Chela instinct.

Giant crabs: didn't that meme die in 2006? Fortunately, the battles Crabitron is based on actually took place just off the shoulder of Ganymede rather than in ancient Japan. And it turns out that space is just the place for an oversized crustacean to get his grub on, full of galactic taxi cabs, nebula ambulances and delicious interstellar burgers. Of course, there's always the threat of meteor showers and police star cruisers to worry about, but hey, you have a big old pair of claws to swat such irritants away while you chow down.

Crabitron himself is more of a wobbly, fleshy mass with claws than a scuttling decapod, his arms elastically stretching out from his body. Just about everything that flies past is fair game for gobbling, although getting hold of your food is an art in itself thanks to a control scheme that has a little of Surgeon Simulator's comic awkwardness about it. It's the making of Crabitron.

It's a tad stingy with cash rewards, even if you pay for the coin doubler or tripler. Beyond that, there are no shortcuts - you have to keep playing to earn more power-ups.

You start the game by grabbing both claws between your thumb and index finger, or your index and middle finger if you prefer, on each hand. The latter makes manoeuvring the claws a little easier because they're both flush to the screen, but when it comes to grabbing stuff it's more natural to squeeze your thumb and forefinger together.

In truth, it doesn't matter all that much which option you choose, because the result will be chaotic. In the early stages you'll only have a few vehicles to deal with, so you can happily grip their bumpers and pop them into Crabitron's ever-gaping cakehole. You don't need to be particularly precise about it, either, as he'll happily suck things in when they're close enough. Meanwhile, a damage total steadily climbs, while a multiplier ticks upwards the longer you go without being hit. Assuming, that is, you don't leave too long a pause between smashing and eating.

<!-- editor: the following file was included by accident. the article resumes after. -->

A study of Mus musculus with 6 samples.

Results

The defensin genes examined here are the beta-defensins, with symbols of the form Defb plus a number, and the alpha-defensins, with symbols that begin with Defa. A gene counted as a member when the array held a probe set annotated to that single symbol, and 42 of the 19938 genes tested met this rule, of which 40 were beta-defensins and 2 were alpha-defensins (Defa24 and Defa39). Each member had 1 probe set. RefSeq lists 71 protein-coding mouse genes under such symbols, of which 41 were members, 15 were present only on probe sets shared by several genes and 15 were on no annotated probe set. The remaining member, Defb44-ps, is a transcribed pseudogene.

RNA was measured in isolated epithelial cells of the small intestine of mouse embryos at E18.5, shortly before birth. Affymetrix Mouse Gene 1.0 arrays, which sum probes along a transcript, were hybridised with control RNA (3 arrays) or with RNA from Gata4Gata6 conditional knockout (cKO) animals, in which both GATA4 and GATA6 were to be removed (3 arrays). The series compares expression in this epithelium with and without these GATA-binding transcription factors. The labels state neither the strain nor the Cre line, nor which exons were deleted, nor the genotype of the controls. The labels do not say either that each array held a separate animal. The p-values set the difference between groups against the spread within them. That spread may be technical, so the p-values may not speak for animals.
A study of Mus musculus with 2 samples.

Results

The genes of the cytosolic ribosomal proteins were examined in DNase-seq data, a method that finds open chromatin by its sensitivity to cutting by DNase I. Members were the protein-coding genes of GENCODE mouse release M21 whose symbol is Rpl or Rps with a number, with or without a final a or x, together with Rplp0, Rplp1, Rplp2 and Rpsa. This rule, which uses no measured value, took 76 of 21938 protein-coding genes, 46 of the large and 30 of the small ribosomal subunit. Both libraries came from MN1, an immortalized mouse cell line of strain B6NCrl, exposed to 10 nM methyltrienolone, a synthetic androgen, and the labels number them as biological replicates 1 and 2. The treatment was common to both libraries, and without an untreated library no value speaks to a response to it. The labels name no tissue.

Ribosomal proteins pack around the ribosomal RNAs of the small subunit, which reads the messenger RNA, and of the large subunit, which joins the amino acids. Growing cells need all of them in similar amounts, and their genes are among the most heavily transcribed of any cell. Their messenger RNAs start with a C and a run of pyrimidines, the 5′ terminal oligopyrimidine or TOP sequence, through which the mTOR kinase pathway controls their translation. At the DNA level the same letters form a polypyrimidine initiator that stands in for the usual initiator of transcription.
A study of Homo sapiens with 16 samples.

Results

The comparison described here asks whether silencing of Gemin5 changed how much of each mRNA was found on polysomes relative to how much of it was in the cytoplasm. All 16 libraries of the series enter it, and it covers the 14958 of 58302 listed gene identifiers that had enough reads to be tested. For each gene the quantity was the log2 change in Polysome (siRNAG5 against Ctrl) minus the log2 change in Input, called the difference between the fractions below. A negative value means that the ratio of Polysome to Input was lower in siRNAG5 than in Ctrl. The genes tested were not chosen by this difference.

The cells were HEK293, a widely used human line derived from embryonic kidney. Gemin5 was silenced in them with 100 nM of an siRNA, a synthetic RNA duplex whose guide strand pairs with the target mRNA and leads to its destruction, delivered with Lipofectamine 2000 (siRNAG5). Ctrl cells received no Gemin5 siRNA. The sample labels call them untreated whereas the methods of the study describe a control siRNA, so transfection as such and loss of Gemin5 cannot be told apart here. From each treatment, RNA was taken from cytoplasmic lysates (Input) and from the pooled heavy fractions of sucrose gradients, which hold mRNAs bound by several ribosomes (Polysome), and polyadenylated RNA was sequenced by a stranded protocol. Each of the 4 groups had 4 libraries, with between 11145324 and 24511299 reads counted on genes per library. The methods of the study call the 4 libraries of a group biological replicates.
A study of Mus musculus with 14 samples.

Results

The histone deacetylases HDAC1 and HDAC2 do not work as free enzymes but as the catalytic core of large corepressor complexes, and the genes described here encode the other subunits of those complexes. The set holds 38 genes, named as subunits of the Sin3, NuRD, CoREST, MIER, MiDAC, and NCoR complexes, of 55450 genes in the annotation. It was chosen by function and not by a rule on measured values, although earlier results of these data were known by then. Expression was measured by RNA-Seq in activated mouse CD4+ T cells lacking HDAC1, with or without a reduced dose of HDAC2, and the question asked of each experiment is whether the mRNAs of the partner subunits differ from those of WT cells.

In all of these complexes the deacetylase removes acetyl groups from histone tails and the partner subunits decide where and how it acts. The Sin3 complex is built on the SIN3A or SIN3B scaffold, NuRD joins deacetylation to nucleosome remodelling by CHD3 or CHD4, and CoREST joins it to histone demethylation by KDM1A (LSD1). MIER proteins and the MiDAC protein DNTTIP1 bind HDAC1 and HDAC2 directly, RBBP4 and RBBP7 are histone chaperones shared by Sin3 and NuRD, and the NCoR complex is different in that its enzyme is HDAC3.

It isn't long until the screen gets busy and your double-digit swipes and squeezes grow ever more frantic. Some vehicles teleport out of your grasp, while larger enemies elude the grip of even the most widely spread fingers. Projectiles rain down in brief mini-game interludes, from a barrage of meteors to a hail of missiles. There are bosses, too, and even a timed game of intergalactic Breakout.

Some objects are protected by a force field, which means destroying the generators before you can get at the valuable contents. Any humanoids will then leap into an escape pod that you need to retrieve before it leaves the screen.

It's incredibly shallow, but irresistibly entertaining. It's also a brilliant co-op game, or at least a very funny one. With one player manning the left claw and the other taking the right, why not pick up a vehicle each and smash them together like the die-cast cars of your youth? I played it this way with my son, and it turns out that 'accidentally' grabbing Crabitron's eye and stretching it as far as it will go is just about the funniest thing a seven-year-old has ever seen. Better still, you can watch a replay of your most recent run and giggle away at the madness once more.

It has the de rigueur iOS mission structure - complete x number of objectives to increase your crab rank - and power-ups to spend your in-game coins on, but the joy of Crabitron is in just grabbing a claw or two and making a big old mess. Some would question whether that makes it a game or merely an amusement, a toy. I'd prefer not to bother with unnecessary definitions, though, and simply label it for what it is: bloody good fun.

7 / 10


Chris Schilling


Chris Schilling writes about video games for a living, and knows an awful lot about Pokémon. Ask him anything. (Though he may have to confer with his son.)